By Michael E. Miller
By Allie Conti
By Keegan Hamilton and Francisco Alvarado
By Jake Rossen
By Allie Conti
By Kyle Swenson
By Chris Joseph
By Michael E. Miller
Abram's only memories of the funeral are the tears shed by his father. He looked up at the man and thought: "Don't worry. I won't let you down. I will carry on the family name."
But the hardships continued for the boy, whom friends took to calling "Father Abe."
Two years later, in March 1989, Abram's older brother, Donald C. Elam Jr., was charged with the murder of a 23-year-old drug dealer, allegedly over a wayward deal. At 14, he was the youngest person in Palm Beach County ever to be accused of murder. The police had witnesses; there was talk of the death penalty.
But Abram's family insisted the boy was framed. And after being held for nearly a year, Donald was found not guilty after only three hours of jury deliberation. Abram sat in the courtroom alongside his mother, boiling over an imperfect justice system.
The stress, meanwhile, had started eating away at his parents; when Abram was in seventh grade, they divorced.
By high school, Abram figured he had finally outmaneuvered his trail of tragedies. He settled comfortably into a routine of school, practice, and work. Then one afternoon, as he sat down to do homework, a friend ran to his house yelling, "Your sister's just been shot!"
When Abram arrived at the scene -- the same park where his brother had been gunned down -- he saw ambulances and flashing lights. He ripped through police tape to find his 12-year-old sister lying motionless in a puddle of her own blood. He curled to the ground, cradled her limp body, then sat with her in the ambulance. She was pronounced dead at the hospital. Christina, it turned out, had been arguing with a schoolmate for days. The other girl's 20-year-old brother, getting wind of the argument, decided to settle it with a shotgun.
When Abram was not mourning the deaths of family members, he was busy creating new life. By the time he was 20, "Father Abe" had three kids of his own: a boy and a girl with his childhood sweetheart and another boy with a woman a few years his senior.
Throughout his adolescence, Abram used football as a way to deal with tragedy, pounding his pain into the ground with his rubber-soled cleats. He was a remarkable player, with the focus of a person twice his age.
"The first time I saw him, I thought, now there's an athlete," says Abram's former coach, Bob Schwenger. "It wasn't just his agility or coordination. It was the fact that he could look at a kid and know what he was going to do, without being taught."
Adds coach Everett Mitchell: "He was like a doctor going in to operate. He was all professional."
They are talking about Pee Wee Football.
By the time he reached middle school, Abram's skills sparked a bidding war between two Palm Beach high schools. Suncoast High, the local public school, had wanted him since elementary school. But Abram opted for Cardinal Newman, a private Catholic school. His father, a Baptist preacher, and his mother, a missionary, approved of its religious influence. Riviera Beach was less approving. Resentful residents talked about how the rich white school "stole" all their talent, and Abram was harassed by neighborhood friends for attending private school.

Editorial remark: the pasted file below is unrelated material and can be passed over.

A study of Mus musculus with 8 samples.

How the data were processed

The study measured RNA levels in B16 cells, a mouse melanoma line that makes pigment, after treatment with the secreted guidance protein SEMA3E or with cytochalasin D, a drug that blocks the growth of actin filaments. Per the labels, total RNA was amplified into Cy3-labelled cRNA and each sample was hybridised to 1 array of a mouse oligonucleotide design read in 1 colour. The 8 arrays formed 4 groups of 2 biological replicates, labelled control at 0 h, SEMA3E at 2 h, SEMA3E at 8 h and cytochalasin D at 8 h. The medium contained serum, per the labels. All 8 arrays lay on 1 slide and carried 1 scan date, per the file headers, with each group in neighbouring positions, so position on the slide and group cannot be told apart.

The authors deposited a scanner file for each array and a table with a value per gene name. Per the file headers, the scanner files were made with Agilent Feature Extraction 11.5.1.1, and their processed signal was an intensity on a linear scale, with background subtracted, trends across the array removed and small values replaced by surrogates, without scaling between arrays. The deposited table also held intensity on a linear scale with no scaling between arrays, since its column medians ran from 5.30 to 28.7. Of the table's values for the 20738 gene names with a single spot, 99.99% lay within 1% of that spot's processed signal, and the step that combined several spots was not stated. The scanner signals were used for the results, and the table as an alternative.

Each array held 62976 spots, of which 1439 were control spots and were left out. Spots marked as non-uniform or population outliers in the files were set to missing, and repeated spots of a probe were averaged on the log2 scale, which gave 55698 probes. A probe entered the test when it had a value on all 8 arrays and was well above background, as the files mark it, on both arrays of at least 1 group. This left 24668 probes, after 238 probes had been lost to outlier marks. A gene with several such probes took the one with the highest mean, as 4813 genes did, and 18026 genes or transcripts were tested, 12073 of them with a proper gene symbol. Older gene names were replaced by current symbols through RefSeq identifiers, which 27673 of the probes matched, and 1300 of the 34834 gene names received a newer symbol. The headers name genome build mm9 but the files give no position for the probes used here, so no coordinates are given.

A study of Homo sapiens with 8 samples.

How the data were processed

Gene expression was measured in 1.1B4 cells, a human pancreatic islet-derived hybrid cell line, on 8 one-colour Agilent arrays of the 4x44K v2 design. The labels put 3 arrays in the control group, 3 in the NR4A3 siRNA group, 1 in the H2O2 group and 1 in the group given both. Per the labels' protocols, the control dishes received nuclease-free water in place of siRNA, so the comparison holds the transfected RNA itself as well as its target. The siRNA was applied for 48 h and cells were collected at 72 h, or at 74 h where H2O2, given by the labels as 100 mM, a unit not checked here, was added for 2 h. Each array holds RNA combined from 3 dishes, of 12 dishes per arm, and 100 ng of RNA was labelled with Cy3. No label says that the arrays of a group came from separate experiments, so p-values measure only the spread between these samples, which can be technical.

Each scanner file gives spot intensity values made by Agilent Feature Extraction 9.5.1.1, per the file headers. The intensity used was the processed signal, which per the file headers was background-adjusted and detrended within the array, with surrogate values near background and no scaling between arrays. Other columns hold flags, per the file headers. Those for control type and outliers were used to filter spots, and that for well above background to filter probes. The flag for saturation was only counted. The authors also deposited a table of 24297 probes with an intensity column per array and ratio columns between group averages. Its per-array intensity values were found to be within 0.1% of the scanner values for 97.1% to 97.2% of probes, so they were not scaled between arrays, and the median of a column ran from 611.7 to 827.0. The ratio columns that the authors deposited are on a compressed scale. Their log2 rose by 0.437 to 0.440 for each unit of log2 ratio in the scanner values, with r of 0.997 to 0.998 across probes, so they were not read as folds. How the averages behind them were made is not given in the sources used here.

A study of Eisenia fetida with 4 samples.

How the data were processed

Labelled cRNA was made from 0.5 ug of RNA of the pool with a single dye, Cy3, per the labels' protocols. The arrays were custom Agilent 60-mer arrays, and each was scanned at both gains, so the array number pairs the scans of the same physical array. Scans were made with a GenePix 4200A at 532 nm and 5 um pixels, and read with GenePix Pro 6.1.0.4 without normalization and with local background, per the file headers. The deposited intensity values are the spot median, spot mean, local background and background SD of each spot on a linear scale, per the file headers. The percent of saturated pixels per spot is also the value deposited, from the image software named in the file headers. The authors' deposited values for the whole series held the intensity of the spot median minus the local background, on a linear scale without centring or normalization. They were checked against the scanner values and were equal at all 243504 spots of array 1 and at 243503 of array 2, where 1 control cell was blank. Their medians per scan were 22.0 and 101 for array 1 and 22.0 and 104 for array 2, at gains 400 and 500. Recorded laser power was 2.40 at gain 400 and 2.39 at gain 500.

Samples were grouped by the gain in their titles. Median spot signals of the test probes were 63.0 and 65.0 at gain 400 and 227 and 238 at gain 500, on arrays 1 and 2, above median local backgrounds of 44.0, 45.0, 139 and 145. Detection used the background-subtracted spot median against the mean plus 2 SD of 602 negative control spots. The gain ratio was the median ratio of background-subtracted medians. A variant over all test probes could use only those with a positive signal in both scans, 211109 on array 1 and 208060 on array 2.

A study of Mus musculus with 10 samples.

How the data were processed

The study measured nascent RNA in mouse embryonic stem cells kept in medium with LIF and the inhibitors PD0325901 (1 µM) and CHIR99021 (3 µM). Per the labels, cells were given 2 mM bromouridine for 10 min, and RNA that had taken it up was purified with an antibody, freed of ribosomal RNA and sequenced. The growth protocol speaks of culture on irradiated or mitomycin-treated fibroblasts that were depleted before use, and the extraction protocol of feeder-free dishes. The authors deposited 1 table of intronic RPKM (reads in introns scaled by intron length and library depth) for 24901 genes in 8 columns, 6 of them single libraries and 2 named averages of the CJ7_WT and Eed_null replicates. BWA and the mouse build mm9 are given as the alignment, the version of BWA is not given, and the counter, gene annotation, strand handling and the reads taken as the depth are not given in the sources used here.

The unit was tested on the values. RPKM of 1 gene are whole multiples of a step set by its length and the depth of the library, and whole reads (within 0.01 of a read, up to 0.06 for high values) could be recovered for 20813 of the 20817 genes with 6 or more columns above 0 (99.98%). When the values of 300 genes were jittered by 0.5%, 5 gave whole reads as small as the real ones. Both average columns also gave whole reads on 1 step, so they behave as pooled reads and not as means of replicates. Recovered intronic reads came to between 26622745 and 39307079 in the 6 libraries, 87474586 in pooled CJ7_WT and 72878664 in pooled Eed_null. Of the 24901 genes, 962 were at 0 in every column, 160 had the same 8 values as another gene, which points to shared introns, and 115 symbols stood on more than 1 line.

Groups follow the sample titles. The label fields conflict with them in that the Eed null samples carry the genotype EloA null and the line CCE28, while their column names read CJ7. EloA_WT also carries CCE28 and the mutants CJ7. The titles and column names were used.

Forgiveness eventually came with his many accolades. As a senior, Abram was named Palm Beach County Player of the Year, the Sun-Sentinel newspaper's Offensive Player of the Year, and first-team all-state. On the football field, the boy could switch from quarterback to defensive back with the ease of a car changing lanes. "You never saw a more selfless player with the ball," Newman Coach Sam Budnyk says.
By his senior year, Abram had a 3.0 grade-point average and was recruited by such football powerhouses as Georgia Tech, Miami, Florida, and Notre Dame. "Other than who you marry," Coach Budnyk cautioned, "this is the biggest decision you'll ever make in your life."
The boy took this advice seriously. He was leaning toward the University of Miami, where he would be able to play both basketball and football. But his parents were pushing hard for the Fighting Irish. "How could you let go of a chance to play Notre Dame football?" Abram remembers his father saying.
Mother and son took out the Bible and turned to Genesis. "Go forth from your country, and from your relatives and from your father's house, to the land which I will show you; and I will make you a great nation.
"Thus said the Lord." The two smiled. The decision was made.
In South Bend, Indiana, religion comes in the dual forms of Catholicism and football. When you drive onto the Notre Dame campus, the first sights are the bowl-shaped football stadium and the golden-domed administration building, adorned with a branch-like cross. The juxtaposition is jarring.
Here, stuck between the confines of church, school, and gridiron, Abram struggled. Life in South Bend moved faster than in Riviera Beach, and his grades suffered. Football too was not what he had expected. On the second day of practice, he told his coach he no longer had any desire to play quarterback. He couldn't handle it. "It's so difficult," he says. "You have to know everything everyone's doing. It's a lot of information to keep in your head."